It’s not just laptops, phones, and tablets that are capable of connecting to the internet in today’s world. Technology has progressed to such an extent that seemingly ordinary items such as watches, refrigerators, cars, fire alarms, yard tools, ovens, and even toys like Cabbage Patch Kids and Furbys are being hooked to the web. And the variety of such objects available is only expected to increase, as research house Gartner estimates that 6.4 billion consumer connected things are currently in use, with that number to reach 20.8 billion by the year 2020.
Considering the numerous benefits of connecting devices to the net—the features and capabilities that consumers would not otherwise experience—this growth isn’t altogether shocking. And for the companies that are offering the products, the draw is also apparent, as the IoT’s expansion gives them access to data that is not accessible through dumb objects—data that can enrich their CRM systems, and enable them to strengthen customer relationships.
What’s important to consider, says Wilson Raj, global customer intelligence director at SAS, is that “the Internet of Things is a disruptive force for customer experience.” And, “whether you’re in financial services, health, retail, hospitality—these [industries] will be impacted” to a great degree.
Brent Leary, cofounder of CRM Essentials, agrees, giving the example of Husqvarna, which offers robotic lawnmowers that feed the manufacturer updates about the health of its products. With such insights, this provider of outdoor power products can better anticipate when a part will need to be replaced, and then send the owner a new part, as well as instructions on how to install it. The benefits are apparent for both parties.
But while it’s agreed that the IoT revolution will have an impact on most industries, the noise and excitement has all but caused some companies to overlook an important factor: security. “There’s a rush right now to get in on the IoT gold rush, so to speak, and some folks are not doing the due diligence before diving in,” Leary says.
This claim is also backed by research from security services firm IOActive, which found that only 1 in 10 smart objects currently available on the market are adequately secured to prevent hacks. And Gartner predicts that by 2020, more than 25 percent of identified attacks in enterprises will be IoT-related.
“One of the top dangers companies face is how to insure their IoT devices do not get compromised by malware, hackers, and the like,” Stephen Gates, chief research intelligence analyst at NSFOCUS, wrote in an email to CRM magazine. “Anything with an IP address [that] is network-connected has known and unknown vulnerabilities. If these vulnerabilities are exploited by hackers, they are quite capable of gaining access to IoT systems, controlling them remotely, and stealing or manipulating the data they are collecting.”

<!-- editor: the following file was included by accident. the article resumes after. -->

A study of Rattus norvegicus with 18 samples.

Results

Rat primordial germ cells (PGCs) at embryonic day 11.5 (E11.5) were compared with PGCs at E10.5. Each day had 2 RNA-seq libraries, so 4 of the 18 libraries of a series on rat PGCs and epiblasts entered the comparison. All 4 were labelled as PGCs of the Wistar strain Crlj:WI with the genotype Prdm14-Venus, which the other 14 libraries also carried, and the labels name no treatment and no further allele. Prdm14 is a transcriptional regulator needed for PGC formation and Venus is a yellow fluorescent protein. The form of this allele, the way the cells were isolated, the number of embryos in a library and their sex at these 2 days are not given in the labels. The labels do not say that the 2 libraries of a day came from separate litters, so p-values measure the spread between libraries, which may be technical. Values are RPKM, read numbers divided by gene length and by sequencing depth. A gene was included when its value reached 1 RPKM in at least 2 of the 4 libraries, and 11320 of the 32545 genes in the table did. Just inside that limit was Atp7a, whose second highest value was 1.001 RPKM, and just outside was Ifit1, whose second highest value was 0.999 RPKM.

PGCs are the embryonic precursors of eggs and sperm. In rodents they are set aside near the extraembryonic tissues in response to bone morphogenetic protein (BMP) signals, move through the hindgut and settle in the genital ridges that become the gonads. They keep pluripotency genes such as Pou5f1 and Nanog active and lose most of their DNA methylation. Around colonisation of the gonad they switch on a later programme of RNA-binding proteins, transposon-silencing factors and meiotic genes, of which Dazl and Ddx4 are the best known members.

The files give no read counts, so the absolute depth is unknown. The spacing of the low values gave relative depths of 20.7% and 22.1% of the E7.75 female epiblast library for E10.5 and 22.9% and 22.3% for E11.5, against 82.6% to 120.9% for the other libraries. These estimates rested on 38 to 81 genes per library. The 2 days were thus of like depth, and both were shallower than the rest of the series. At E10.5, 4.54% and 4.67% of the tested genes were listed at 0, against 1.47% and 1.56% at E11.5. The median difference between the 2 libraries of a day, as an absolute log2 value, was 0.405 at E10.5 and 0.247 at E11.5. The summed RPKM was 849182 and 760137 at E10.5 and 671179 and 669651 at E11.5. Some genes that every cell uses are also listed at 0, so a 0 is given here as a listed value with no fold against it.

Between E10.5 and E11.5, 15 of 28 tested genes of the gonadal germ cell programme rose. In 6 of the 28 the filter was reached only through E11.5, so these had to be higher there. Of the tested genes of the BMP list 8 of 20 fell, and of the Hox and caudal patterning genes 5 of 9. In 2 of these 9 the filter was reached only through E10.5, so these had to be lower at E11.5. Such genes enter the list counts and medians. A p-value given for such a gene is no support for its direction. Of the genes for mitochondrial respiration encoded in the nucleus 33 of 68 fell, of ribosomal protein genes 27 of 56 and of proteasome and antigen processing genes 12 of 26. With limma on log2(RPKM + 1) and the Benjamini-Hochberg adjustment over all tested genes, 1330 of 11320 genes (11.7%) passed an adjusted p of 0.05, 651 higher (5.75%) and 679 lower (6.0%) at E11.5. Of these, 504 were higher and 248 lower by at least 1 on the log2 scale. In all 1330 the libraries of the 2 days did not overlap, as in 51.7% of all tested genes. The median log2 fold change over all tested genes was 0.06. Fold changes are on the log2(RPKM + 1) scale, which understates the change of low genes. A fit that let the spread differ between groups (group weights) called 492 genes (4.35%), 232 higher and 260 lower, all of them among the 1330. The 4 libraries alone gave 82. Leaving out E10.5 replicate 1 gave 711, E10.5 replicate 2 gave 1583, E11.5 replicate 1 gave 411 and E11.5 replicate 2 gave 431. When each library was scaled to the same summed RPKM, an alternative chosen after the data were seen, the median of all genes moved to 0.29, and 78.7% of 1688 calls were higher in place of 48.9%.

Unfortunately, unlike with other recent technological revolutions, such as social media, which in its early days allowed companies to get away with their fair share of errors, companies “don’t have as big a runway to get this right,” Leary warns, and are likely to feel the consequences of any flubs. For instance, if a smart security camera, car, or house door lock gets hacked, that could have direct impacts on the person’s safety, and his data.
For this reason, both business-to-consumer (B2C) and business-to-business (B2B) enterprises should think about how to make their IoT efforts as secure as possible, to avoid irreparably damaging their customer relationships.
NURTURING A CORPORATE CULTURE THAT VALUES SECURITY
A key to developing a sustainable and safe IoT strategy is to foster a culture that places adequate weight on the security and well-being of its customers. According to Raj, this culture of safety must begin “at the board level.” C-level executives must consider “how data governance and privacy are treated within the organization as it relates not just to customer data, but customer data in the IoT sphere, as well as with partners,” Raj says.
“Data privacy should not be viewed as a governance requirement by the business,” Raj adds. “It should be viewed as a strategic differentiator, as a competitive advantage, and as an enabler of great customer experience.”
Daniel Miessler, director of Advisory Services at IOActive, agrees, noting that it’s important that suppliers of smart products instill “security as a fundamental consideration from the very beginning, all the way back into requirements, the design phase, and all phases of development and manufacturing” of connected devices.